The mission of the Department of Cancer Biology is to discover the biological basis of cancer development and to understand how to target it for therapeutic benefit. One of the biggest advantages of Mayo Clinic is the proximity that we have and the closeness that we have between clinicians, surgeons and the scientists in the laboratory.
In my laboratory in particular, we studied brain tumors, we studied particularly glioblastoma. And we tried to study how the environment within the brain makes this tumor more aggressive. And we are doing this trying to find a target so we can find a way to stop it spreading within the brain so the surgeon can go and remove the tumor without having to wait for a recurrence.
Being here at Mayo, I get a chance to interact with other physician-scientists. They will tell me about some of the unmet needs in the clinic. I can then go back to the laboratory, and those unmet needs really drive the type of research that I do. And being here at Mayo, then it gives me the opportunity to then translate that back to the clinic.
The core of our training is when we bring the learners into our own laboratories and have them working at the bench on a real scientific problem. As a student, it's a really great opportunity to be taking courses where the different professors teaching different units of the course are at the cutting edge of the science in that field. I think it's a really great, vibrant learning environment that we're able to offer our learners at all levels really.
The Cancer Biology Department is an exciting place to be. We've got wonderful technologies that are being developed. We're learning a lot of basic science about how cancers are formed and how we can develop novel therapies for cancers. So there's lots of learning ongoing within each of the laboratories. We are in an incredible time of discovery. We can make a difference, and we can actually start curing cancers because we have the technologies. We have the bright minds who will not recognize the medical landscape from today in five to ten years with regards to the progress that's been made.
Our team specializes in mainly trying to find out how cancer moves and how it grows. Those engines that allow cancer cells to migrate and invade not only the brain but also the spine. So we've been specializing in understanding these molecular engines and at the same time inventing new therapies, being innovative by using stem cells, nanoparticles and many other tools that we're trying to utilize so that we can put the brakes on this cancer.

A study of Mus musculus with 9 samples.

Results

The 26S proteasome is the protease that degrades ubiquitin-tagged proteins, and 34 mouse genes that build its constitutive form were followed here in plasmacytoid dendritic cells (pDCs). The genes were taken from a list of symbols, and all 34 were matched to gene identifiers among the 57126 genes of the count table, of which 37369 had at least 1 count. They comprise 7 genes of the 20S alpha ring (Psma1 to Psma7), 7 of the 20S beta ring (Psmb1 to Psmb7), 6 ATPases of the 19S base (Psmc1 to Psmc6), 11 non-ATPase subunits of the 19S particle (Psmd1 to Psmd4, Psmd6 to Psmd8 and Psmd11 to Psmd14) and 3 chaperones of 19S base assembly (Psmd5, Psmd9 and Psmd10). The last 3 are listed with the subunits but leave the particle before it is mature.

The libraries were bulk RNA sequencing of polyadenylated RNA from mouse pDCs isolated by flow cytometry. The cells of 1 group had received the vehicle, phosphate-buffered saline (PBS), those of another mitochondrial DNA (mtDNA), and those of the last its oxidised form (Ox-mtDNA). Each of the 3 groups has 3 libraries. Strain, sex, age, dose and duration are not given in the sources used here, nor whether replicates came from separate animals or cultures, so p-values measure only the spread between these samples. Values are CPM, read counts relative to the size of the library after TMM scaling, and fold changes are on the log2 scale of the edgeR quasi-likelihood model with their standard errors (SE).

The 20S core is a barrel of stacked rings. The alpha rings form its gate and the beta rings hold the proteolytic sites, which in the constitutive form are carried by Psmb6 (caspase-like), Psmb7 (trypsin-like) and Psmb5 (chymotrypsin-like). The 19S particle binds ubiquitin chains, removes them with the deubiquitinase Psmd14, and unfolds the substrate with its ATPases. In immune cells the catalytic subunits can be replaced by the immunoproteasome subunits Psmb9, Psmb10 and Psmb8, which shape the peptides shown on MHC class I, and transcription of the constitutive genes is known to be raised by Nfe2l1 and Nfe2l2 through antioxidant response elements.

Our laboratory does a lot of work on looking at ways of stimulating the immune response in patients with cancer. By working with the different faculty in the Department of Cancer Biology, we really have exposure to a lot of different types of potential mechanisms that we can target to really help us generate an immune response against specific cancers wherever they're at in the body.
We're scientists that study problems with biological relevance, and the existence of these disparities imply the existence of pathways that we can target therapeutically. We're working with the patient populations that are present here at Mayo Clinic. Our community is diverse and all of our studies are linked to patient populations, to specific patients that we're hoping to treat.
Comprehensive studies are needed to fill the knowledge gap that we have between the different ethnicities and races. In cancer research and clinical trials, we are going to the very early phases of the disease and also what is called premalignant conditions. So we are putting a lot of effort trying to characterize those patients and see if we can predict, not only identify the genetic basis, but also predict which one of those will progress over time. And the ultimate goal is to help to provide new avenues to reduce the health disparities that we observe and see a lot of.
One of the unique things about working at the Mayo Clinic is being able to go into the laboratory, study things, but also at the same time, knowing that I may have a chance to really impact a patient's life at some point during my career.
I feel that I am constantly with our team exploring the universe, that every new discovery that we make in the laboratory will one day be translated back to the patient and also to our future generations. Not only am I being able to find cures for patients, but I am constantly through that work giving our patients hope, and that gives me hope that we can make the world a better place in the future.